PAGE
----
Bell Canada Acknowledges Data Breach

Bell, Canada’s largest telecom company, has alerted customers to a data breach — its second known breach in the past eight months.

The breach affected fewer than 100,000 customers, Bell told CBC News, though a more specific estimate wasn’t given. Bell has more than 22 million customers in Canada.

In May 2017, Bell acknowledged that 1.9 million of its customers had their email addresses stolen by an “anonymous hacker.” The hacker also got about 1,700 names and phone numbers from a customer database, the CBC reported.

Information leaked in this latest breach appears to be a bit more detailed, including names, email addresses, account user names and numbers, and phone numbers. Bell said no banking or credit card information was accessed in the breach.

The alleged hacker from the previous breach previously threatened the company, writing in an online post: “Bell, if you don’t cooperate more will leak :)” Bell hasn’t said when this latest breach actually took place, or if it had any relation to a past incident.

Bell has apparently notified customers of its own accord, as only one Canadian province — Alberta — has mandatory requirements that would force private sector companies to notify customers in the event of a data breach. The Canadian federal government is looking into changes that could force companies to do more in these situations.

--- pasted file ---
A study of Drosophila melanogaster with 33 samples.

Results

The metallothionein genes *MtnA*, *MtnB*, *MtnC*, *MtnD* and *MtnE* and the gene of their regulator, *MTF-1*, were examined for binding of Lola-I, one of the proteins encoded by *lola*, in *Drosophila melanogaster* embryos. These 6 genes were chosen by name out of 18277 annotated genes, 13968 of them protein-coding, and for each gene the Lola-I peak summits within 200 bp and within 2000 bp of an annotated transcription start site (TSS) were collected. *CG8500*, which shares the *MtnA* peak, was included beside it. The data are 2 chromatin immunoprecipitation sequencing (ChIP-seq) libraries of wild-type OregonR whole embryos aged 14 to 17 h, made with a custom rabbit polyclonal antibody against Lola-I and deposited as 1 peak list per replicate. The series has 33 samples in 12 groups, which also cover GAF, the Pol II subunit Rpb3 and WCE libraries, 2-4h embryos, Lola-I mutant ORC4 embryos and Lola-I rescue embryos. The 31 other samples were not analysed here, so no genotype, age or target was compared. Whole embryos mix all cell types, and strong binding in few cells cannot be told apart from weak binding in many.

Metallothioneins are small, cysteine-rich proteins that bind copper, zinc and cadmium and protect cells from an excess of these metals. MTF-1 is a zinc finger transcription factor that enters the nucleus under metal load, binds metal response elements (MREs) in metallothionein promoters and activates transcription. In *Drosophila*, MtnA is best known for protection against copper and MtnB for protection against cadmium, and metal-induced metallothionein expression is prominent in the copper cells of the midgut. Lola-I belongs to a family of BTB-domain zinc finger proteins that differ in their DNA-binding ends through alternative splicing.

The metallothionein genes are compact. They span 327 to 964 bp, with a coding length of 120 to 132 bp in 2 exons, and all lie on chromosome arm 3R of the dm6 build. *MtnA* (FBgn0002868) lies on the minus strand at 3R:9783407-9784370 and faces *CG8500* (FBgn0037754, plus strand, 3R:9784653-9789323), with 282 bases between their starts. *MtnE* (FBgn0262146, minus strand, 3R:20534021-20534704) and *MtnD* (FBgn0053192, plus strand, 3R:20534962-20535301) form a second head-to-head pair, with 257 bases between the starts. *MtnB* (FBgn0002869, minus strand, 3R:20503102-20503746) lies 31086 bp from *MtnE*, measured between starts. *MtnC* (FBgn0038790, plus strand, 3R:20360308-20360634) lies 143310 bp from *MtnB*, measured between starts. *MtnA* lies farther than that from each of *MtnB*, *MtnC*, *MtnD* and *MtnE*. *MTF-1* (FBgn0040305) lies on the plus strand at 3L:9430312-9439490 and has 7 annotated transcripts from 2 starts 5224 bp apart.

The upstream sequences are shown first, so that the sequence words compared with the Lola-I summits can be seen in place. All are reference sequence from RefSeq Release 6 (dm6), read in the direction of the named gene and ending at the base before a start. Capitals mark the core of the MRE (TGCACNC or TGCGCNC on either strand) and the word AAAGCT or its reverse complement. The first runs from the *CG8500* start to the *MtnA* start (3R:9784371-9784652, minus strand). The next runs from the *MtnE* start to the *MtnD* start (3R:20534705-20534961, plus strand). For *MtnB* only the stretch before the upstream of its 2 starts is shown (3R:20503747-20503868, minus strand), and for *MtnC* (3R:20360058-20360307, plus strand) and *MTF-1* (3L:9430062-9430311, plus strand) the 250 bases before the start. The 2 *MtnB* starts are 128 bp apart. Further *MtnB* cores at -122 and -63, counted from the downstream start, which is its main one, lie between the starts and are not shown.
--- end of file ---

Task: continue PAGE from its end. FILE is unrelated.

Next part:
[For more details on what you should do if your bank account or credit card has been breached, read our latest blog post.]

U.S. Breach Bills

As widespread data breaches become a more frequent and prevalent part of everyday life, the U.S. government is also considering ways to make companies more responsible. One proposed bill would force credit reporting bureaus — such as Equifax — to pay “massive and mandatory fines” in the event of a breach. This bill would actually put some money back into consumers’ pockets, as well.

Another bill, the Data Security and Breach Notification Act, would require companies to report data breaches within 30 days. A number of states are considering their own bills and resolutions, as well.

Phil Dzikiy

Phil Dzikiy

Phil Dzikiy is the former editor in chief of Security Baron. Before, he has worked as a freelance writer and editor at websites like Wirecutter.com and iLounge.com along with publications like the Lockport Union Sun & Journal and the Greater Niagara Newspapers. With digital and print experience under his belt, Phil has a passion for all things technology including home security, cyber security, and the smart home. His bachelor's degree in Journalism from the University of Maryland College Park initially landed Phil his first job at the Beaver County Times, which has lead to over 15 years of experience as a journalist.